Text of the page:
US President Barack Obama (L) gestures as he walks with King of Saudi Arabia Salman bin Abdulaziz al-Saud (3rd R), King of Bahrain Hamad bin Isa Al Khalifa (2nd R) and Abu Dhabi Crown Prince Mohammed bin Zayed al-Nahyan (R) in Riyadh, on April 21, 2016. (AFP)
A vote is coming this week to the US House of Representatives on a bill that would allow family members of the 9/11 victims to sue the government of Saudi Arabia, an official says.
The bill is expected to be passed at the House following an approval from the US Senate, an unnamed aide for House leadership told The Hill.
After a probable approval by the House the bill will head the White House, where US President Barack Obama is expected to veto it.
House Speaker Paul Ryan said in April that the bill needs to be reviewed "to make sure we are not making mistakes with our allies and that we’re not catching people in this that shouldn’t be caught up in this.”
Ties between Saudi officials and terrorists behind the September 11, 2001 attacks were exposed when lawmakers released redacted 28 secret pages of a congressional investigation.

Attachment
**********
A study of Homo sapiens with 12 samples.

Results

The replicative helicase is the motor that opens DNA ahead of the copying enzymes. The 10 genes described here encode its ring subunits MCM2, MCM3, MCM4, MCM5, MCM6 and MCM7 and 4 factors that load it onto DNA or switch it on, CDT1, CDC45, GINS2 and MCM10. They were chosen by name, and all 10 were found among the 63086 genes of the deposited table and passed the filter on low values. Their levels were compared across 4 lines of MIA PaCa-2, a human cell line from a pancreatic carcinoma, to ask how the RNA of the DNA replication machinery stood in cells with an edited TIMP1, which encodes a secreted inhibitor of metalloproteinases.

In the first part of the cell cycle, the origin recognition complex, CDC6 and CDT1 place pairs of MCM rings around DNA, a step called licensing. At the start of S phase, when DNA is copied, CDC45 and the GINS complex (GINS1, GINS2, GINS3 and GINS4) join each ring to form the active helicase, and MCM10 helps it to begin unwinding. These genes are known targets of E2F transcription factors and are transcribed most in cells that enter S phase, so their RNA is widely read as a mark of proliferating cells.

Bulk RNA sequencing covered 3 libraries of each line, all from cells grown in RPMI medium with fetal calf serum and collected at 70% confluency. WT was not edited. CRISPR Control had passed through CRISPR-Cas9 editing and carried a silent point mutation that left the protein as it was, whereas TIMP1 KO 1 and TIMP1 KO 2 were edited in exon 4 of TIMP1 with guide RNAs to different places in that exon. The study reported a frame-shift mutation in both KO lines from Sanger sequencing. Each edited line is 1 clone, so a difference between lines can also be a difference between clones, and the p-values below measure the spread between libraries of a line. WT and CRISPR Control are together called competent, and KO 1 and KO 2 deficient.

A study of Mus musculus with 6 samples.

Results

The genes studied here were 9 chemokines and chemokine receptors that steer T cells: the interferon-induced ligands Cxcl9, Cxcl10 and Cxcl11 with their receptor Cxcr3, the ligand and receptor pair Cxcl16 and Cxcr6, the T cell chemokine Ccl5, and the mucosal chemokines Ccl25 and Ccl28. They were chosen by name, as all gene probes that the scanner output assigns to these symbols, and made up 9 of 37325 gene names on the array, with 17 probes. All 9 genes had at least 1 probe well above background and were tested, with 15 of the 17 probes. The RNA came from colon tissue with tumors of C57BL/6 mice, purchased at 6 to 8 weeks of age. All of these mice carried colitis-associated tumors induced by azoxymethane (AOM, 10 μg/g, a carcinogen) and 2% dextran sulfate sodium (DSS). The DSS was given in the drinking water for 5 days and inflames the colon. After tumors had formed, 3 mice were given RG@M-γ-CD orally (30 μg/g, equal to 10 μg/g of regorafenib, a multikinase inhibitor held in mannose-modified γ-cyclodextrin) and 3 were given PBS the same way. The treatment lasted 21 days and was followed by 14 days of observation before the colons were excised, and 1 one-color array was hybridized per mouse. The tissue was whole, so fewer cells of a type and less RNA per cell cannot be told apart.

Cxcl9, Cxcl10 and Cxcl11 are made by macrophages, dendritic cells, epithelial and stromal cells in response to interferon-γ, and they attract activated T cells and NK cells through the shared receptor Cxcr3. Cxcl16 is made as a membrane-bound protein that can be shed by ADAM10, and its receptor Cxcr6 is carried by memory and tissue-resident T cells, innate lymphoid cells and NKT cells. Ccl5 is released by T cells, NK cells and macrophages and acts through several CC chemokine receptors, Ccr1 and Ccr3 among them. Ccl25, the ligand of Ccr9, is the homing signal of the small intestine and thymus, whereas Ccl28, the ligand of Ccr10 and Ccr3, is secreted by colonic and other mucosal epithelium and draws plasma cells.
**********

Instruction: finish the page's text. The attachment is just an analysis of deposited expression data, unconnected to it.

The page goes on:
Several suspicious connections were outlined in the report between the 19 hijackers, 15 of whom were Saudi citizens, and the monarchy’s officials; however, no definitive comment is made about the Sudi invlivement.
“In their testimony, neither CIA nor FBI witnesses were able to identify definitely the extent of Saudi support for terrorist activity globally or within the United States and the extent to which such support, if it exists, is knowing or inadvertent in nature,” authors claimed in the report. “It should be clear that this joint inquiry has made no final determinations as to the reliability or sufficiency of the information regarding these issues that we found contained in FBI and CIA documents.”